For a very long time, hospital pharmacies have relied on 503B Compounding facilities to outsource to or from which to purchase a variety of supplies, such as ready-to-use critical care drips, OR syringes and high-use medications.


The problem is, the supply of medications from these 503B facilities is not reliable, and shortages make it challenging to maintain the demand required for proper patient care, said Arpit Mehta, PharmD, director of pharmacy at Allegheny General Hospital, allied acquisition pa a 650-bed academic medical center in Pittsburgh, Pennsylvania. 

Mehta says he has seen situations where 503B facilities reduce or outright stop the allocation of medications without advanced notice, making the mitigation of the shortages quite challenging.

“Ensuring the product is truly safe and sterile for our patients is another aspect for 503B facilities. We have to ensure the facilities are safe to use,” he explained. “This requires review of the FDA inspection reports, QA data, site-visits, etc. – all of which requires time and effort. With shortages, health system pharmacies generally partner with multiple 503B facilities, requiring thorough review of all such partner facilities. And even then, there still can be problems.

“Beyond the issues around potential shortages and verification of quality, there also is a significant financial burden on the organization as the health systems pay a premium price to procure these medications as ready-to-use with extended room-temperature beyond-use-dating,” he added.


Allegheny General’s idea for a solution was centered on finding a way to in-source the purchased medications, using IV robotics via an RIIS program (service program). Vendor Omnicell offered this service in a way that was not just leveraging robotics (a device) to compound the product, Mehta observed.

Specifically, the Omnicell service offered a technician team that would help run the robot – a team of experts on the device and its operations – that is fully dedicated to compounding these medications.

“Less than 6% of hospitals across the country use IV robotics, because there is a fear of the unknown. However, the program makes sense, and it is worth an evaluation by all medium to large facilities.”

Arpit Mehta, PharmD, Allegheny General Hospital

“Both IV bags and OR syringes could be compounded on the robot, with the same extended room temperature BUD,” he noted. “Most important, we would have control over our inventory, allowing us to adjust as needed based on usage, thus reducing waste and mitigating shortages.

“We also would have data and control over the sterility of compounded products as we would be doing so in our own clean rooms,” he continued. “Financially, this meant we would see a significant savings, since we would in-source and compound these medications ourselves and not pay the premium price to 503B facilities.”


Allegheny General worked with Omnicell to implement the IV RIIS robotics program to meet its challenges. Omnicell helped the hospital draft an ROI, which the hospital validated and presented to its leadership. Once approved, hospital staff began working on the project with Omnicell throughout the entire implementation.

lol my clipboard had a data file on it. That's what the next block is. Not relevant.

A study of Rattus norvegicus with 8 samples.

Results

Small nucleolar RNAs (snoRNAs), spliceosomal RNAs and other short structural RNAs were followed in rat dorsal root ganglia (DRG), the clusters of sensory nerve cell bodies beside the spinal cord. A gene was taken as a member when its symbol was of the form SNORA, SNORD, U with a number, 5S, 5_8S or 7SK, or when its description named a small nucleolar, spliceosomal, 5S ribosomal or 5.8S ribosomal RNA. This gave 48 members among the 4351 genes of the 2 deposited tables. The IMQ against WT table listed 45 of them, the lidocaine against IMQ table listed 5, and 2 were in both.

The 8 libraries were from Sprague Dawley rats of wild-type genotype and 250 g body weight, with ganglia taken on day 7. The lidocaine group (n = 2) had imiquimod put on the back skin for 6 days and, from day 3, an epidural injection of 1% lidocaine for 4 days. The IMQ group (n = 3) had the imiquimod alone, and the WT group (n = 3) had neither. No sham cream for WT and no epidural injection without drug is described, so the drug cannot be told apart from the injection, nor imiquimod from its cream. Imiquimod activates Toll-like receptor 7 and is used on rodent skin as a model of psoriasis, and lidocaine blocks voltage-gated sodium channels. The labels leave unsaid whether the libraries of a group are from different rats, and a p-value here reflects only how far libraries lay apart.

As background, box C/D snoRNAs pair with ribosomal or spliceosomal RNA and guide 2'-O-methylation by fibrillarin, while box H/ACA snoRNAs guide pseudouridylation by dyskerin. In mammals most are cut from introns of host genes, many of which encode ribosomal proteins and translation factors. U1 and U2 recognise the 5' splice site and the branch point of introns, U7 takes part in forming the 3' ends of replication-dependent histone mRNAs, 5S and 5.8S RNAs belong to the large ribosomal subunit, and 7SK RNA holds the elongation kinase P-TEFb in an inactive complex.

“As the details were being finalized, we worked with Omnicell to recruit pharmacy technicians to run the robotics,” Mehta recalled. “These would be the vendor’s technicians who would work with us every day to compound our needed medications, dedicated to our hospital. They would be part of our team.

“We worked with the vendor in identifying the medications that we would begin compounding on the robot, medications that were on shortage, and we had critical need for them,” he added. “We began with one IV Robot at our flagship hospital to begin compounding some of the medications that were critical for our needs, in order to ensure steady supply. We produced OR syringes, critical care drips and the like, to mitigate all our concerns on availability of these vital components.”

During all of this, staff worked closely with the trainer, engineer and team from Omnicell to ensure successful go-live – and then tweaks and optimizations to ensure they had the best yield of the products they were compounding.

The goal in mind was centered on minimizing waste and increasing efficiencies. Staff met at a scheduled cadence to continue to discuss the program; evaluate opportunities, growth capacity and cost savings; and continue to improve yield. Staff soon are adding a second device to help increase the number of compounded products on the robot.


From May 2020 to April 2021, Allegheny General produced 46,909 products on the IV Robot, generating a total of $1.2 million in savings. Savings are calculated by taking into consideration the outsourced cost compared to in-sourced cost, which includes medication cost, supplies, cost for IV RIIS program, sterility testing, USP71 testing and shipping cost.


“Less than 6% of hospitals across the country use IV robotics, because there is a fear of the unknown. However, the program makes sense, and it is worth an evaluation by all medium to large facilities,” Mehta advised. “It is important to engage all stakeholders early on – IT, facilities, etc. – to ensure that the hospital has the capability to take on the IV robotics.

“Key things to consider beyond normal IT review are space and the availability of data and power in the sterile compounding area,” he concluded. 

“If this needs renovation or construction, that is a challenge and additional expense. If the pharmacy is not in the basement, there may also be need for structural support due to the size and weight of the robot, and so it is important for facilities to consider this. IV robotics may have specific data and power requirements, so reviewing this in advance as part of the project plan is crucial.”

Twitter: @SiwickiHealthIT
Email the writer: [email protected]
Healthcare IT News is a HIMSS Media publication.